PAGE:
Henry Poole & Co.: The First Tailor of Savile Row
There are few brick and mortar establishments that can boast a history of more than two centuries, yet Henry Poole & Co. continues to thrive on Savile Row even in this age of the internet and dressed-down work wear.
The business is genetic, inherited, and generational as it is still in the ownership of the Poole family as it has been since its beginning. What is most intriguing is that no matter the client, Henry Poole remains the tailor of choice from generation to generation of clients no matter if you are royalty, a descendant of great wealth, or just a gentleman or woman who understands and appreciates the meaning of Savile Row bespoke tailoring.
James Sherwood provides us with 60 chapters of Henry Poole & Co.’s prestigious and notable clientele. These sorts of profiles offer the insight into the loyalty and the gravitational pull that a brand such as Henry Poole still retains to this day. Within each of the 60 you get a sort of some historical background of each individual, their family, as well as a mindset of the era in which they lived.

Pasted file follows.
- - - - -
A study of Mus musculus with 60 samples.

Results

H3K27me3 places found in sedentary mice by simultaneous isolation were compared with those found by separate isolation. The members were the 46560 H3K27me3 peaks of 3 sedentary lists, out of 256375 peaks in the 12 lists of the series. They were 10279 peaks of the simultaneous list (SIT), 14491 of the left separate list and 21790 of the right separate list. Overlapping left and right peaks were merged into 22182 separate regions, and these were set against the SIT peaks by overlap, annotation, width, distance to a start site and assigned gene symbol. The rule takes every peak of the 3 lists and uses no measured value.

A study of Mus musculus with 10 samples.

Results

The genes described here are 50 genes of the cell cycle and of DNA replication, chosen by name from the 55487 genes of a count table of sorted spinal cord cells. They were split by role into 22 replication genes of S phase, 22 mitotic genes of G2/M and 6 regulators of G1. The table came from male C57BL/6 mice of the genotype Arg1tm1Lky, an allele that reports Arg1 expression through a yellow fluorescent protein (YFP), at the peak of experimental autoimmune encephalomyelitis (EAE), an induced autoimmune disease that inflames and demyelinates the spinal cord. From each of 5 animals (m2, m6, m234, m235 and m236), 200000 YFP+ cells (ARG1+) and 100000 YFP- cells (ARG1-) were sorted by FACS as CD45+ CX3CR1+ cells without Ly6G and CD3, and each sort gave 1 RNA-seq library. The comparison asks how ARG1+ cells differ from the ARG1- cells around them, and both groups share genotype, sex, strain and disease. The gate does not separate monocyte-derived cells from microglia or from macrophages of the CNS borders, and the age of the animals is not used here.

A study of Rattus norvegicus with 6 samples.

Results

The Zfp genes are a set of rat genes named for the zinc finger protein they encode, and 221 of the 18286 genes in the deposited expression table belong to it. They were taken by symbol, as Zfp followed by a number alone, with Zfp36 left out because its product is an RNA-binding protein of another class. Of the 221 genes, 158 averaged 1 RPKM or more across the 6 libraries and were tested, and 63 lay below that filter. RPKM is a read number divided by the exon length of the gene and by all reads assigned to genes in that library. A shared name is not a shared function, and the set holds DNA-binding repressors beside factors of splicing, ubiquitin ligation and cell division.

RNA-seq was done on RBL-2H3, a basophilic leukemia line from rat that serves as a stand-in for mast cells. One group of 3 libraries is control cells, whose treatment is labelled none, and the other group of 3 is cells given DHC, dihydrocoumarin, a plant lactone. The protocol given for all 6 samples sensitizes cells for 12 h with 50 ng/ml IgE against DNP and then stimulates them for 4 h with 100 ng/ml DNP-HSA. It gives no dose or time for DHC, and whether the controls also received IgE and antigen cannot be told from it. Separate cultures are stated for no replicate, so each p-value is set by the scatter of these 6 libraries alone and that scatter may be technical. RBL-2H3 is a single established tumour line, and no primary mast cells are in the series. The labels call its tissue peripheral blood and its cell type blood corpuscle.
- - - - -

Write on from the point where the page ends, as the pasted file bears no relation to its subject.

Out of the 60, this reader believes most names will be unfamiliar to the prospective reader, while the ones that are recognizable would be familiar to anyone with some knowledge of history..
One of the great appeals of the monograph is that it is an easy read in terms of holding one’s interest and it allows you to put it down and pick it back up at your leisure without feeling that you have lost momentum.
Although it might be fair to assume that based on the information proffered by Sherwood that even if you have a little interest in fashion but have a natural curiosity about what a certain lifestyle was all about then this book might provide some insight as well as appease your curiosity.
Keep in mind that the book is not lavishly illustrated, but each client is depicted at least once, some in their Poole finery, and there are some images from the shop and its descendants. It is definitely not a photo album, but a book that needs to be read in order to absorb its substance.